Zahid Hamidi feet gabby or practice racism ???


Chin Peng fought to return to Malaysia, say lawyers, contradicting Home Minister

The Home Minister has said that Chin Peng did not take the two chances given to him to return to Malaysia, but the late communist leader’s lawyers have a different take on what took place.

According to one of them, Chin Peng (pic) wrote at least 10 letters to the government seeking permission to return to Malaysia following the 1989 Haadyai Peace Accord between the Communist Party of Malaya and the Malaysian government.

All his applications were denied.

Lawyer Leong Cheok Keng said Chin Peng wrote a final note to a secretary of former prime minister Tun Abdullah Ahmad Badawi and when that also failed, he mounted a legal challenge.

"In one of those letters, he had also pleaded that he be allowed to visit his family on a social visit pass. He promised he would come in quietly. Even that was rejected," Leong told

All this was told to Leong by Chin Peng when they met to discuss his application to the courts to be granted entry into Malaysia. Leong was one of the lawyers who represented Chin Peng.

Leong's account contradicted that of Home Minister Datuk Seri Ahmad Zahid Hamidi who told the Dewan Rakyat earlier yesterday that Putrajaya had twice offered Chin Peng the chance to return, but the communist leader did not take up the offers.

Leong, who is also DAP's Malim Nawar assemblyman in Perak, said Chin Peng had told him that his early correspondence with the government was done with the assistance of a Teluk Intan-based lawyer, the late David Chai.

"Chin Peng told us he wanted to return home within the one-year period which he was accorded after the signing of the treaty. He had tried then and when those applications were rejected he resorted to legal avenues," Leong told  from Bangkok where he was among the 300 people who attended the communist leader's wake and funeral yesterday.

Leong said Chin Peng spoke of his earlier correspondence with the government to strengthen his legal argument. He filed the suit in March 2005 in the High Court but lost because he could not produce his certificates of birth and citizenship.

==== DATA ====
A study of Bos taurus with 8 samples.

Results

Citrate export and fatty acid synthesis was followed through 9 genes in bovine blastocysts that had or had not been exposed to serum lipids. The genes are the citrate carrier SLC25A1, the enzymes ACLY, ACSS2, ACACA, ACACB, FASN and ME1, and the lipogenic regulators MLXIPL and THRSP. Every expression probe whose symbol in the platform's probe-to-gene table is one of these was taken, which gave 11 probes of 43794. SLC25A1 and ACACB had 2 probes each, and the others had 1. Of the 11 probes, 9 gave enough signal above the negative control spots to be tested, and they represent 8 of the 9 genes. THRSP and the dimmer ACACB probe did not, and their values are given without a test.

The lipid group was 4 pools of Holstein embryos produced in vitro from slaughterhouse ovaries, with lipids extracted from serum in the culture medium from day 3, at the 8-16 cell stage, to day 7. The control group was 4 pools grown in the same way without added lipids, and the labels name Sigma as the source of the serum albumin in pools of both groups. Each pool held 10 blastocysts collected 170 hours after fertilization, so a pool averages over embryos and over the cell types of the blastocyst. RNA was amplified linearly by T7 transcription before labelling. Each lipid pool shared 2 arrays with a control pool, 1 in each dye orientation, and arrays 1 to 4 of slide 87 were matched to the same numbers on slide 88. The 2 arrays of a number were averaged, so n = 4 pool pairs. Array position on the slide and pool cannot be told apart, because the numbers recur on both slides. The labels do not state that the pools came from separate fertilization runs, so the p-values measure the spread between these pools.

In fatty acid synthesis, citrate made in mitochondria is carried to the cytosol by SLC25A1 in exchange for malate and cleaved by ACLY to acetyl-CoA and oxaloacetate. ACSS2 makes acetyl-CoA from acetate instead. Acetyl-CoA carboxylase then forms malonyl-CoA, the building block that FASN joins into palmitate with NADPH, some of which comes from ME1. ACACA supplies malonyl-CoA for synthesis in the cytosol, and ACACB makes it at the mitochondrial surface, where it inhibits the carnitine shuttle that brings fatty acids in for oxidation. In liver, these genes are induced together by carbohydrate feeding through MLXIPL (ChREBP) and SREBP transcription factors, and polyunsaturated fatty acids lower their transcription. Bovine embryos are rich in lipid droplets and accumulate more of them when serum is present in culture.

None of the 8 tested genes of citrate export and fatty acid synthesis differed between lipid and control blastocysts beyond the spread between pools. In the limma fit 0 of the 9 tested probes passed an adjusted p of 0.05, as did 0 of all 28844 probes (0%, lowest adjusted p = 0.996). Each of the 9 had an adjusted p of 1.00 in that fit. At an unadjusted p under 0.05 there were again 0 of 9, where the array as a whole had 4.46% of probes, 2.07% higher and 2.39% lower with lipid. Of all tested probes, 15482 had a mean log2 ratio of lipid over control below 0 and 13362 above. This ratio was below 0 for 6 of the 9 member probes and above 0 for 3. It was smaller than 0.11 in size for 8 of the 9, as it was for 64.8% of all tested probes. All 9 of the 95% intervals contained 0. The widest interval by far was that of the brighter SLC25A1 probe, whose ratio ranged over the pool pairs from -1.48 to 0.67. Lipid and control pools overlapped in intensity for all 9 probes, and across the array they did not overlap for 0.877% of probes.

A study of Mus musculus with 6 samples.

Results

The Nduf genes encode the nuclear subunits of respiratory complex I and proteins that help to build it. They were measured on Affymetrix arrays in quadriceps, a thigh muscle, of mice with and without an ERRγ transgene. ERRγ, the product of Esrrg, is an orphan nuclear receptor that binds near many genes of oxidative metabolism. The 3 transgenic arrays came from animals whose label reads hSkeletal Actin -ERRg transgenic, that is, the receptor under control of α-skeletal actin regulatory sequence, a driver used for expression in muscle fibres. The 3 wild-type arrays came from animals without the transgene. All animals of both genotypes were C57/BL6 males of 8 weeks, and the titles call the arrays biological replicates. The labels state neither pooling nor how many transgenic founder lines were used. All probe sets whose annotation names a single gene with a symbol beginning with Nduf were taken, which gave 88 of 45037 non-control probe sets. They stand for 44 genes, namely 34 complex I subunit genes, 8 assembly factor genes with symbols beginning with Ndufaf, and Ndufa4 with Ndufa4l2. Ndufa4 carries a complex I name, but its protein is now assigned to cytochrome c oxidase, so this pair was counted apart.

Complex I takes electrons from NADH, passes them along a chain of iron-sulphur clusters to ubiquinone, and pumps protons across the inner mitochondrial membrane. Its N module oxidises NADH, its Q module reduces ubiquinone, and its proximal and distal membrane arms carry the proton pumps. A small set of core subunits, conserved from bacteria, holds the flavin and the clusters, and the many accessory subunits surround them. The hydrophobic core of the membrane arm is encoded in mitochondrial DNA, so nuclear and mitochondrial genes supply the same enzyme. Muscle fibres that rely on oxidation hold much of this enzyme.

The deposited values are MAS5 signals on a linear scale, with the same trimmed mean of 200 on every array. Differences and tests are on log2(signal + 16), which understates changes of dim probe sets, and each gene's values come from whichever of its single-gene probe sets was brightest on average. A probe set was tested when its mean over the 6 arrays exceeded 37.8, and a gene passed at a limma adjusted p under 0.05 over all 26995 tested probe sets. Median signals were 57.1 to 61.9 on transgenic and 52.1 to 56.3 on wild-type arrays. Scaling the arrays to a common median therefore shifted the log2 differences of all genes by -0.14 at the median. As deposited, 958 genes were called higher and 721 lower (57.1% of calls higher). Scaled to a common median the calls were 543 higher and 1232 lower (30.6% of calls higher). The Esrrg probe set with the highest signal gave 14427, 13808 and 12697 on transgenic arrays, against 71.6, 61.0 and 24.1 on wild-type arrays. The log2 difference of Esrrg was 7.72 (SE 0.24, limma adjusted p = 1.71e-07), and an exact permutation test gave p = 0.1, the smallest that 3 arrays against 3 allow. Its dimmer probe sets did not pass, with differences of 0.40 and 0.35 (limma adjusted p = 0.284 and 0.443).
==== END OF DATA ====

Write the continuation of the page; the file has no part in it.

At the Court of Appeal in 2008, one of the three judges, Datuk Abdul Malik Ishak, said the memoirs written by Chin Peng containing full details of a British raid on June 16, 1948, entitled Alias Chin Peng - My Side of History, could not be accepted as the gospel truth.

"Anything can be written in the memoirs. The bottom line is this: Where are your documents? The onus is on Chin Peng to produce them," Abdul Malik said.

He had to produce the documents to prove that he was a Malaysian before he could pursue his legal action.

Chin Peng said he could not produce the documents as they were seized by police during a raid in Kampar. He escaped.

Relatives and mourners lead a procession for the cremation ceremony of the late Chin Peng in in Bangkok on September 23, 2013. - Reuters pic, September 24, 2013.

Chin Peng claimed that he was entitled to come back to Malaysia as he was born on Oct 20, 1923, in Sitiawan, Dinding, Perak.

The legal challenge finally fizzled out in the Federal Court in 2009.

Another lawyer, Chan Kok Keong, echoed Leong's views in a text message.

Chin Peng was cremated in Bangkok yesterday but it is not known where his ashes will be interred.

His family has refused to say anything, but politicians are still debating whether his ashes should be allowed to be interred in Sitiawan.

Zahid had said that the government was against Chin Peng's ashes being brought back as it feared he would be hero-worshipped and that a monument would be built in his name.

The home minister also pointed out that Chin Peng and his communist guerrillas had killed more than 10,000 Malaysian men, women and children.

There are those who think it should be allowed. For one, MCA, a component of the ruling Barisan Nasional, has accused Putrajaya of being "racist" because of its stand. It pointed out that the remains of two Malaysian terrorists, Noordin Mat Top and Dr Azahari Hussein, who were killed by Indonesian police, were buried in Malacca and Johor respectively.